Russia Today reported August 30, 2007, about a mineral discovered in northwest Russia.
Russian scientists in the Khibinsky Mountains in the Arctic Circle have made an important scientific discovery. They've found a new mineral which absorbs radiation.
It does not yet have an official name and is known only as number 27-4. It can absorb radioactivity from liquid nuclear waste.
After coming into contact with the mineral, radioactive water becomes completely safe. Had this mineral been available to physicists after the Chernobyl or Three Mile Island disasters, the consequences might have been very different, as both accidents resulted in contamination from radioactive water.
However, it is not as simple as it sounds. Scientists say they need tonnes of it and so far they have only discovered a few grammes. But they are confident that they can chemically reproduce it on a much larger scale.
This is a great discovery, especially if the mineral can be replicated. Part of the objection to nuclear power is the risk of radioactive waste contaminating the water supply. Perhaps soon (or by the time another nuclear power plant can be built) this mineral can be in plentiful supply. Then we'd have a non-global-warming-contributing power supply without the risk to our drinking water.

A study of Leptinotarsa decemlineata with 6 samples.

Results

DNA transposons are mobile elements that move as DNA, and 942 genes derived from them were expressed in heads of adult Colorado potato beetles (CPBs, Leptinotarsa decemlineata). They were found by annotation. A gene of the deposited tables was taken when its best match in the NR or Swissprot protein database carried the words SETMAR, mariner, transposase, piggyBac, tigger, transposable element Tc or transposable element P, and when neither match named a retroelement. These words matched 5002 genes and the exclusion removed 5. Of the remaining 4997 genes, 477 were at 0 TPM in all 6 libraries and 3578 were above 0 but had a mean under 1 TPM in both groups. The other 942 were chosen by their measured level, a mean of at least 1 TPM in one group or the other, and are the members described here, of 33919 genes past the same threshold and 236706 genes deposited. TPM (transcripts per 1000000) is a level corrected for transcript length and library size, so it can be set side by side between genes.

But my cynical side says Russia may keep the discovery to themselves, refusing to share it with the West, particularly with the US. In light of Russia's recent missile tests and their antagonism over the missile shield proposed for installation in Poland, I wouldn't put it past them. It would give them a huge advantage if nuclear war broke out. They could nuke us and let the radioactivity kill us, but if we retaliated, they'd be able to decontaminate their water. This kind of discovery, coupled with Putin's menace, could prove to be a further destabilizing factor in a world already made unstable by Islamic fanaticism.
I like the discovery, but I'm not going to hold my breath until Russia shares it.